Ok...so I haven't been out shooting lately and I've been dreaming of Montana so I decided to go back through my stuff and repost an old favorite from Glacier National Park. I've had a 30x40 metal print version of this image hanging on my living room wall for the past 3 or 4 months. Every time I walk past it I am pulled right back to Montana in my memories. I can remember the wet flowers all around me freshly drenched from the thunderstorm that just passed over. I remember the smell. I remember the how the mountains were hidden momentarily by a veil of rain and moments later how the sun burst through and washed over the mountains. I was surrounded by the God's amazing creation and also shared the event with great friends. It was a moment in my life that stands out from the rest. I love how photography pushes us into those moments and also how looking back at a captured image transports us back in time. So anyway...I hope you enjoy this pic and Lord willing I will get out there soon to capture some new moments.
A good portion of landscape photography depends on being in the right place and the right time. Arranging those fortunate meetings of light and landscape depends to some degree on our own planning and effort, and most would say the rest is just a good measure of luck. I personally believe that God can and does help put me in the right place at the right time.
I just returned from an amazing 5 day trip to Glacier National Park in Montana with my homies Ryan Dyar and Kirby Davis. On this particular evening we should not have witnessed this beautiful thunderstorm over Mt Oberlin and Bird Woman Falls. But for some reason we just didn't see all the road signs indicating that the Going to the Sun Road would be closed for construction from 9pm until 2am.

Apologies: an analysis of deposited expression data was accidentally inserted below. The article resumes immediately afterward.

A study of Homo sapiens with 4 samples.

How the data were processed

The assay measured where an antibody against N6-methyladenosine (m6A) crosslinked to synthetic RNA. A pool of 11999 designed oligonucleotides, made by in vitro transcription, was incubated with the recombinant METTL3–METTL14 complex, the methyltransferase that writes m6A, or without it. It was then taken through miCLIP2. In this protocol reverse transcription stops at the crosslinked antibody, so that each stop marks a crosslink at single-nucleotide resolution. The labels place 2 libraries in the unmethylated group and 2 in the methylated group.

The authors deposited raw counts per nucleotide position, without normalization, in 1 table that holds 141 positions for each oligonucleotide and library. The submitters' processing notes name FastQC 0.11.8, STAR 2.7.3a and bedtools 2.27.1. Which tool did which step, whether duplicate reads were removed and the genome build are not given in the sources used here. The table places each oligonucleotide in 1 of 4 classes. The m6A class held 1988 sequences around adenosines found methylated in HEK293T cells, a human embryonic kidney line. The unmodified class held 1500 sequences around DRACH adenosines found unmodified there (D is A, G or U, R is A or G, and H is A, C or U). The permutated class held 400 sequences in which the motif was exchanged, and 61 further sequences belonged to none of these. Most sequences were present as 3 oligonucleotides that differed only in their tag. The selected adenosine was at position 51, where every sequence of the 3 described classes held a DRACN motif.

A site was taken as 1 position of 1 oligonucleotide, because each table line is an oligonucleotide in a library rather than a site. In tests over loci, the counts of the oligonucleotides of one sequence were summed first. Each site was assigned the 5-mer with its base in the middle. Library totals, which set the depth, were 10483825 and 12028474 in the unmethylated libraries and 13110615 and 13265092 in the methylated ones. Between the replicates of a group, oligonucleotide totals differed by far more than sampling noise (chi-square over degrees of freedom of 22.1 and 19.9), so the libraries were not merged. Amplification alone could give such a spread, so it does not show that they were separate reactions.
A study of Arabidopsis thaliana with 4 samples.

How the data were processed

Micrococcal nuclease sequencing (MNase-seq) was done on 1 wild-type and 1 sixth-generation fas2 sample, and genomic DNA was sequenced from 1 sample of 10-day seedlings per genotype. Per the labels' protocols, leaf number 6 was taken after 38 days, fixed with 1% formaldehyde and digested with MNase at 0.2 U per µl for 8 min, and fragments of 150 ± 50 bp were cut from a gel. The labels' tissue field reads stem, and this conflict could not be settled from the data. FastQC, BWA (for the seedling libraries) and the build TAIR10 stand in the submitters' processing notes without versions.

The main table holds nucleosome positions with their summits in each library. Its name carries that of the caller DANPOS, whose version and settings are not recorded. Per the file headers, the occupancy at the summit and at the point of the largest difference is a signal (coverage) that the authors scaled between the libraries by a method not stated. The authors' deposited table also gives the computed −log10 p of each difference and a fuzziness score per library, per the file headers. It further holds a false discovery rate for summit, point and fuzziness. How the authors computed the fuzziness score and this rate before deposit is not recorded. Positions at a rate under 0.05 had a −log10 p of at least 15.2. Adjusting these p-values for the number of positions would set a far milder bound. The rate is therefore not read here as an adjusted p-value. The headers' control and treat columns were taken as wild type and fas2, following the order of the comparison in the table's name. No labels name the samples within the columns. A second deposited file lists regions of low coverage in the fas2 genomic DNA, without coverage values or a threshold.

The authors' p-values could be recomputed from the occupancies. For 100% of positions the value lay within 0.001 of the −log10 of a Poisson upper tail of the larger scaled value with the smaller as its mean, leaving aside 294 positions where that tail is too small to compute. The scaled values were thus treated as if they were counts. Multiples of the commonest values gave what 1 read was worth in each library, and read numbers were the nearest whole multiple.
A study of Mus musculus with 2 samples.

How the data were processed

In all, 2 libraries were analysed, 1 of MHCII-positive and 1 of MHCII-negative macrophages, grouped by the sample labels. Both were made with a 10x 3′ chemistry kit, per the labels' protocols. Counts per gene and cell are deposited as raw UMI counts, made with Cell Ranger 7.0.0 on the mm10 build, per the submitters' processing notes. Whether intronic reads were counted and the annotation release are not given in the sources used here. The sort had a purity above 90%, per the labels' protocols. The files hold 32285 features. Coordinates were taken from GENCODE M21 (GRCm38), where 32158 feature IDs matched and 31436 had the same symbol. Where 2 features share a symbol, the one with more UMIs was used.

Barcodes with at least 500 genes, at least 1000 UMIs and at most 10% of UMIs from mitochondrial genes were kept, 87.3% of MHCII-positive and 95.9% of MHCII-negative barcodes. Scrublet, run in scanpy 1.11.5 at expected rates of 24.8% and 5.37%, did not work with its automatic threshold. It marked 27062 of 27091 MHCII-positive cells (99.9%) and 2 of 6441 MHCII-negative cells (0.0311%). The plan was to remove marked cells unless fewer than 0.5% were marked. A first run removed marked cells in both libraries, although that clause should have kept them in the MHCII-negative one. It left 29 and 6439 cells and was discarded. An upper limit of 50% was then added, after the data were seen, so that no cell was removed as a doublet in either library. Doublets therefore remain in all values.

As they say..."Ignorance is bliss". We clawed our way up the side of the mountain, picked out our comps and started shooting as this wonderful huge thunderstorm rolled through. The thunder rolled and we were engulfed in heavy rain. The rain was so thick that you couldn't even see the mountains for some time. Then the rain passed and we continued shooting. It was fun and stressful at the same time. I put my baseball cap over my camera and tried to shield it with my hands but it still got pretty wet. Thankfully there was no damage.
So anyway....by the time we were finished shooting the LONG Montana sunset we finally got back to the car around 9:30pm. Just as we arrived at the car we were greeted by a not-super-happy ranger who gave us a stern lecture and escorted us out of the park with his lights flashing! It was actually pretty hilarious so I took the opportunity to video the experience with my iPhone. Ryan was relieved after we got out of the park with only a lecture and no ticket....yay!
So we were the only ding dongs that were able to photograph this awesome sunset. I totally believe that God just worked it out that way. I know that if we had known about the road closure we would not have chosen this location. I call that Providence.